Happy Birthday: Chrissie Hynde
Today is Chrissie Hynde’s birthday, and although she’s known best as the lead singer of The Pretenders, she’s done plenty of stuff outside of that great band. Indeed, she’s done so much that we actually spotlighted a number of these instances for her birthday last year, and since there were so many more left to talk about, we decided to do it again this year.
1. Chris Spedding, “Wild in the Street” (1977): While living in Paris, Chrissie was part of a band called The Frenchies – yes, really – and based on an interview she did with Melody Maker in 1979, found the experience to be less than spectacular, describing The Frenchies as “basically just another band” and summing up her financial situation by noting that “starving in France is pretty much the same as starving anywhere else.” She was particulary grouchy when the band played the Red festival, but it did lead to a musical opportunity for Hynde. "I was getting very pissed off because the promoters kept putting us further and further back in the running order until we were due to go on at 4am or something, she told Melody Maker. “And I can hardly speak French and there's no one speaking English, and I'm getting a bit out of it and more angry and rather depressed, so someone tells me that Chris Spedding is in town to record an album. I'm dying to see an English face, so the next day I find his hotel and there he is, sitting in the coffee shop. Sigh of relief. So life is made a little more bearable hanging out with him and his crowd while he's recording.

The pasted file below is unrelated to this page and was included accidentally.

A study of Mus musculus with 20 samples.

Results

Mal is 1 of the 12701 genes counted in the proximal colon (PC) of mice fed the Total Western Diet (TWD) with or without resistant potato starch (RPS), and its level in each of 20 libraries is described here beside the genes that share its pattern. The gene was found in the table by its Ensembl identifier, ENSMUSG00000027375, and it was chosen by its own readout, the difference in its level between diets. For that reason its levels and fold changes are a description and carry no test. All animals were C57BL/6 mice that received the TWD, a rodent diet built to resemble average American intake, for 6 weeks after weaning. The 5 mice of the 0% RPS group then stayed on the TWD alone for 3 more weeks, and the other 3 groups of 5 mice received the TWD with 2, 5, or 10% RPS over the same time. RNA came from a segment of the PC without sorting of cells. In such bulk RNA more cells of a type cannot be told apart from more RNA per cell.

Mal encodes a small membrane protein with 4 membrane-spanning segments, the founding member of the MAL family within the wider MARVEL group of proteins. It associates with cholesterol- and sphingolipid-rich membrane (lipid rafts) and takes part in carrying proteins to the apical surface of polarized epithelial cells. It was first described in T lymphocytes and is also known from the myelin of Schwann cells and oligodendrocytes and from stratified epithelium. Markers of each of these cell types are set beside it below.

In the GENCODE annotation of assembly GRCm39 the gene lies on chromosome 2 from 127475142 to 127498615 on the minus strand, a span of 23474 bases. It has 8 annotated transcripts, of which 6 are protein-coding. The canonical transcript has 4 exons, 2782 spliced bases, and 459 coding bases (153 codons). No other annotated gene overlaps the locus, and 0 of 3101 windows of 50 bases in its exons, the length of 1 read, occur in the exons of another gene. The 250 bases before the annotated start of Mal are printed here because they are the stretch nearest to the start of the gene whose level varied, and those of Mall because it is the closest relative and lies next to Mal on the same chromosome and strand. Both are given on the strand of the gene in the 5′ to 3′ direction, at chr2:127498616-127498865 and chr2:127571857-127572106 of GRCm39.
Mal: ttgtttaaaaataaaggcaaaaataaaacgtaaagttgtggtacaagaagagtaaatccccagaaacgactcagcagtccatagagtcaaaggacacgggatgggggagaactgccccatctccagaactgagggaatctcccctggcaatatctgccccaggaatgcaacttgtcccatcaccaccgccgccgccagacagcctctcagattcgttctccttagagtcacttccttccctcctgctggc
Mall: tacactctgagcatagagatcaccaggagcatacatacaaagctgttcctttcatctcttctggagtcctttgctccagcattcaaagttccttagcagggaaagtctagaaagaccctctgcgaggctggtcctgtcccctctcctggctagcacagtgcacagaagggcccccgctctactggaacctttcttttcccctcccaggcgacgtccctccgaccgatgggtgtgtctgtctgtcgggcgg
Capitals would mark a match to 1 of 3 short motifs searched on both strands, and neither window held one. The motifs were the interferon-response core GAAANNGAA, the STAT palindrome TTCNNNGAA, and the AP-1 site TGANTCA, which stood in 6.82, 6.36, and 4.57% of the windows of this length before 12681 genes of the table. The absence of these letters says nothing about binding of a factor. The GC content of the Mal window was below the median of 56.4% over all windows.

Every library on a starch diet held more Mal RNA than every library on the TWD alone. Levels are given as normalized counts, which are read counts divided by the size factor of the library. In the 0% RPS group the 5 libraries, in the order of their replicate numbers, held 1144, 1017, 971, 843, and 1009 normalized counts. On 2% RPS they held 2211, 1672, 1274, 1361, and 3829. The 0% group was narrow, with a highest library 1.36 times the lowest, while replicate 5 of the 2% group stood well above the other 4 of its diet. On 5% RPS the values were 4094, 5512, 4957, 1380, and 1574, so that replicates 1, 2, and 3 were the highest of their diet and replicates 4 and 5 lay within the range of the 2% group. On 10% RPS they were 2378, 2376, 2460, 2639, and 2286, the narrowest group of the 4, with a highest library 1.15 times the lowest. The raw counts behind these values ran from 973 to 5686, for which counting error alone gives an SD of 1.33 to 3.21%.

3. Cheap Trick, “Walk Away” (1987): After scoring a major comeback via their epic ballad “The Flame” and their cover of “Don’t Be Cruel,” Cheap Trick decided that they wanted to ease their way back toward the sort of material that they’d been doing during their ‘70s heyday. While this didn’t lead them into the same level of success, the resulting album – BUSTED – certainly didn’t lack for talented guests: in addition to Hynde, who sings on this track, Cheap Trick also corralled Mick Jones (Foreigner), Russell Mael (Sparks), and Kim Bullard (Poco) to assist them.
4. Naomi Campbell, “Love and Tears” (1994): Yes, that Naomi Campbell. No, we didn’t realize she’d recorded an album, either. But between Europe and Japan, the album sold more than a million copies, and it also featured some rather fascinating artists involved in putting it together, including Gavin Friday (The Virgin Prunes), Tim Simenon (Bomb the Bass), PM Dawn, Youth, and Bruce Roberts, with Campbell covering T. Rex’s “Ride a White Swan” and Donna Summer’s “All Through the Night.”
5. Cher, Chrissie Hynde and Neneh Cherry with Eric Clapton, “Love Can Build a Bridge” (1990): Written by Naomi Judd, Paul Overstreet, and John Barlow Jarvis, this song is best known to American audiences for the version recorded and released by The Judds. In the UK, however, Cher, Chrissie, and Cherry teamed up to cover the song in 1995 as the official single for Comic Relief. It worked out well for the charity, climbing all the way to #1 on the UK Singles chart.